Business owners and residents in the Witherspoon-Jackson neighborhood in downtown Princeton attended the public meeting of the local governing body Monday night to voice their opposition to plans to turn the parking meters along Witherspoon Street north of Paul Robeson Place into all-day meters. The meters are currently three-hour meters.
Jacqueline Fay, the owner of the nail and skin care salon Grit + Polish at 160 Witherspoon Street, said her business would have to shut down if short-term parking is removed from the neighborhood. Cheap, all-day parking would be scooped up by employees downtown, leaving no spots for the customers who patronize the businesses in the neighborhood.
“I understand the big parking problems in the uptown section of town, but your ordinance will barely make a dent in things, affecting 30 spaces while forcing me and others out of business,” Fay said, adding that the local merchants’ association does not support the plan.
“All-day meters would allow uptown employees to park all day in front of my salon for $6 a day. Those spaces would be gone by 9 a.m. My customers will have no place to park,” Fay said. “There is a perception that the parking spaces are underutilized. My peak hours are noon to 5 p.m. As of now, my business requires five to seven parking spaces in the afternoon Wednesday through Saturday to meet my customers’ needs. It’s not reasonable to expect people in pedi slippers to walk long distances to their cars.”
Fay said she opened her business where she did because she wanted to make a contribution to the historically significant neighborhood. “Your proposal turns the Witherspoon neighborhood into a long-term parking lot, and it sends a terrible message to Witherspoon businesses and residents.”
The town should use the large lot on Franklin Avenue as a temporary solution until affordable housing is build on the lot in two years, Fay said.
Resident Leighton Newlin said he objects to the Franklin Avenue lot being used for employee parking. “Why the municipality feels the need to help provide employee parking for businesses — I’m not really sure why,” Newlin said. “If the municipality made the decision to do so, it should not be at a cost that negatively impacts another district, especially the Witherspoon-Jackson historic district, which has retail traffic and parking needs of its own.”
Newlin suggested that the town look at off-site locations for employee parking. A shuttle that drops employees off downtown could run on a regular basis, he said.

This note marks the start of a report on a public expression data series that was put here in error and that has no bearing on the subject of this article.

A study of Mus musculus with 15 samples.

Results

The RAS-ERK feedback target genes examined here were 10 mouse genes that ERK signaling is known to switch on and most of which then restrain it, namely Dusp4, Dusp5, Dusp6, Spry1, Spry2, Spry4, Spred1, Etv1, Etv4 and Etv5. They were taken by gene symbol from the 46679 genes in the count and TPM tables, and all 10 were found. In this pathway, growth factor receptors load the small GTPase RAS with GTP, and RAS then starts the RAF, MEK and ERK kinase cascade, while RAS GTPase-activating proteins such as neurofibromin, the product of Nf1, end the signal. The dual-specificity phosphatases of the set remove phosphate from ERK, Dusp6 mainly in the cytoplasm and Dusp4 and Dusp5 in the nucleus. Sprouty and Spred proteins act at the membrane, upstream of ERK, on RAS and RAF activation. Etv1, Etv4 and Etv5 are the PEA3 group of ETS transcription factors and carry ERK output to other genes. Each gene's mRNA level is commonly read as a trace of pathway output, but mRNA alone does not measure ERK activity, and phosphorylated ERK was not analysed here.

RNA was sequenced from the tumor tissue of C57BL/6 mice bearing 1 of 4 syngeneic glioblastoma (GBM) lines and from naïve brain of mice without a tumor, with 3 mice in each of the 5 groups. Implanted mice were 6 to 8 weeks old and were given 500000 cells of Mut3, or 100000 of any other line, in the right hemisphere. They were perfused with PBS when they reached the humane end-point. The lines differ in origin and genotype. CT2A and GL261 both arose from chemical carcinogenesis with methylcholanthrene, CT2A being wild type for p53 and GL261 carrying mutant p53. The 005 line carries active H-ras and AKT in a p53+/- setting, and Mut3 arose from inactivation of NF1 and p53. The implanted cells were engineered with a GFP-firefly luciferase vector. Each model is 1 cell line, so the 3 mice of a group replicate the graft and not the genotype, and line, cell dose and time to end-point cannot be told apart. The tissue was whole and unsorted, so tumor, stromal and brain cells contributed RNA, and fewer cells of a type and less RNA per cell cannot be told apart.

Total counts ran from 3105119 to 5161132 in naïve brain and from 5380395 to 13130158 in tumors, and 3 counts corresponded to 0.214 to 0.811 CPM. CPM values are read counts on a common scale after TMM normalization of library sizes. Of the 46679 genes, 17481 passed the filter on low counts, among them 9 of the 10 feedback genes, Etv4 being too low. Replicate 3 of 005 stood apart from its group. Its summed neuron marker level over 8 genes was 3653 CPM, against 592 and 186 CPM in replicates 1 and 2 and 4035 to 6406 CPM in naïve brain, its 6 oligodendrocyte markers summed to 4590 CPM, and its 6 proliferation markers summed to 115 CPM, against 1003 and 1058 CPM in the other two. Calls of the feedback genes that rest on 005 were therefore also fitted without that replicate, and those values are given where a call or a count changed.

“The Witherspoon area should be given every opportunity to participate in the dynamic growth of the neighborhood and town,” Newlin said. “The neighborhood should not be a parking lot or dump-off point for Nassau Street businesses.”
Former Princeton Borough Mayor Yina Moore said the neighborhood should have been included in the discussions about the parking meter time changes. An official could have attended one of the monthly neighborhood meetings, she said.
Resident John Heilner said five of the six business that would primarily be affected are owned by non-whites.
Mayor Liz Lempert said officials met with business owners over the weekend, and the governing body has decided to pull the ordinance that would create the long-term parking.
“We did get quite a few emails over the weekend about this. In terms of the changes to the parking, the reason why we are doing it is to help our businesses,” Lempert said. “It helps to hear from you all when we aren’t helping. It helps to hear there has to be turnover in that section. We issued a public notice for the ordinance hearing next month, so we will still hold the public hearing, but won’t act on the ordinance when it comes up.”
Lempert said when it comes to parking, there are multiple needs on every single block, and officials are trying to prioritize needs.
Councilman David Cohen said the issue has nothing to do with officials viewing Witherspoon-Jackson businesses and residents as less important than other neighborhoods.
“It really is a function of the fact that there are so many unused parking spaces on Witherspoon Street. They are sometimes only half full,” Cohen said. “We need to search for a solution where we do not cause suffering for businesses there, but if we can provide some employee parking, it will benefit businesses on Witherspoon, as well as other businesses. In my mind we are trying to solve a technical problem and not playing favorites.”
Resident Renee Ekstedt said officials shouldn’t just try to fill empty parking spaces with employees. “I find it absolutely appalling,” she said.
Jack Morrison, president of the Princeton Merchants Association, said he was glad officials are tabling the ordinance. He said more than 130 businesses in the association employ several thousand employees. Many of those employees live in town and in the Witherspoon-Jackson neighborhood, he said. He called on officials to not be dismissive of business owners, their customers, and the community, and to work together with various stakeholders to come up with solutions. “Let’s not overly rely on theory and consultants,” Morrison said.